2017 University Lecture

The Liberty to Copy Unpatented Inventions: Potential Collisions with Trademark and Copyright Law

Presented by Wendy J. Gordon, William Fairfield Warren Distinguished Professor and Professor of Law

Tsai Performance Center
685 Commonwealth Avenue
Boston, Massachusetts
Admission is free. The public is cordially invited.

Wendy J. Gordon is William Fairfield Warren Distinguished Professor and Professor of Law at Boston University, where she has taught since 1993. Her scholarship utilizes economics, as well as ethics and analytic philosophy to understand copyright, trademark, and related forms of intellectual property. She has earned national recognition for widely published, contemporary analyses of copyright’s “fair use” doctrine and of John Locke’s theory of property.

An enthusiastic proponent of interdisciplinary teaching and scholarship, Professor Gordon has co-taught a course in law and literature with a literary critic, a course on political theory with a philosopher, and a course on ‘copyright and rhetoric’ with a Shakespearean actor. Her current scholarship also examines copyright infringement as a mirror-image of the law of accidental injury, with both holding the potential to improve private decision-making: The threat of negligence liability decreases careless behavior by helping people understand they will bear some cost of the harm they cause. Conversely, the promise of copyright liability increases creative behavior by enabling people to capture some profit from the benefits they generate.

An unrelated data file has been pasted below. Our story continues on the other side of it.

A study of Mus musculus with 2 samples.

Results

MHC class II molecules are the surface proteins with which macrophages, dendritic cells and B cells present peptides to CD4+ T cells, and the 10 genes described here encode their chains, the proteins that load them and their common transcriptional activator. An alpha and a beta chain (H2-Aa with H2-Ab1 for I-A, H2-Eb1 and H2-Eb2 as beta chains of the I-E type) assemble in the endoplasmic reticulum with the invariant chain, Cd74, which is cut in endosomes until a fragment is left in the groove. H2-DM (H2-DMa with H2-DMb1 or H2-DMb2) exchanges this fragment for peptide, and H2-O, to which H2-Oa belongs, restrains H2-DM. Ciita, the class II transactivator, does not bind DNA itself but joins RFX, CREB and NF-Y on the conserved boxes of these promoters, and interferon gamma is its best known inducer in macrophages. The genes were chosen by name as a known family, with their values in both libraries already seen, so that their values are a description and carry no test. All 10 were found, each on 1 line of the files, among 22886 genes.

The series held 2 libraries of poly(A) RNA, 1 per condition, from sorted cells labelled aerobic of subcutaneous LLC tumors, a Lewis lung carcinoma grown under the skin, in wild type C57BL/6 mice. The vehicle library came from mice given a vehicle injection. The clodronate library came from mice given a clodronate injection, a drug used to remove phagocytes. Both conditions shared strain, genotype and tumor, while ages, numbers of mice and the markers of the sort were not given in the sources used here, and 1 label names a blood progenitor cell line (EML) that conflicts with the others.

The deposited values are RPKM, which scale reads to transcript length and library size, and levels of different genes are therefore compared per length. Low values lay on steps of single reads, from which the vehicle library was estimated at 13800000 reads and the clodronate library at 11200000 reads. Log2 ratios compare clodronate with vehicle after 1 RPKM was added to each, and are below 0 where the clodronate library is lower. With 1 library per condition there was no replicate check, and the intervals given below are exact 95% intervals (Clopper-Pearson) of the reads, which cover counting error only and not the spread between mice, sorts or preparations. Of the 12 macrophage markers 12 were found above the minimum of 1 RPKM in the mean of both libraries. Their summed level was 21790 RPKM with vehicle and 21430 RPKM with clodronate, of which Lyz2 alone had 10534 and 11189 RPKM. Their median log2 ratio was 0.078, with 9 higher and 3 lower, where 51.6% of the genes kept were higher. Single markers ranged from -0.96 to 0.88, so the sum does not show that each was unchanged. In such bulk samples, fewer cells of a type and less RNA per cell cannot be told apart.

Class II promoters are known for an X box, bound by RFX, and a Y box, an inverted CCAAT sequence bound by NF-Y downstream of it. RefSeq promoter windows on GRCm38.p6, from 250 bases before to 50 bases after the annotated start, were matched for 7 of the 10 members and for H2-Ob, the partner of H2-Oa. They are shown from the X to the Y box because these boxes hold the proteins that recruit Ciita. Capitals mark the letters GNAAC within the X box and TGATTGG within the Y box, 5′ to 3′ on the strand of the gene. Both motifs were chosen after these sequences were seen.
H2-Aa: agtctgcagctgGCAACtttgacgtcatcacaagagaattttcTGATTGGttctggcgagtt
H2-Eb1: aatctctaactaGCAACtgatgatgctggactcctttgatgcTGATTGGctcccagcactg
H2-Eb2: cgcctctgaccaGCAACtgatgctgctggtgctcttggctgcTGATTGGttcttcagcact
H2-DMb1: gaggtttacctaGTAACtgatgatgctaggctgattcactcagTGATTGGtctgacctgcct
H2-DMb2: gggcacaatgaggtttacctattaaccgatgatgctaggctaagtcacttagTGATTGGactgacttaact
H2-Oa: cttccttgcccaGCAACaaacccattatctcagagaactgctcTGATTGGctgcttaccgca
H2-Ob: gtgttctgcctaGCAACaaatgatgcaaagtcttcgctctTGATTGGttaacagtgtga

Professor Gordon has co-authored two books on the economics of copyright, published numerous law journal articles, and written book chapters on copyright issues, free speech, computer copyright, and the fair use doctrine. She serves on the editorial board of the European Journal of Law and Economics.

The U.S. Supreme Court has three times cited her scholarship. She has received a Fulbright Scholarship, was elected by Oxford’s St. John’s College to a Visiting Senior Research Fellowship, and was selected as a resident at the Rockefeller Foundation retreat in Bellagio. Professor Gordon has also been the Bacon-Kilkenny Distinguished Visitor at Fordham, a Visiting Fellow at Oxford’s Programme in Comparative Media Law and Policy, and the “Intellectual Property Distinguished Visitor” at the Lewis and Clark Law School. She has twice served as the Chair of the Association of American Law Schools Section on Intellectual Property.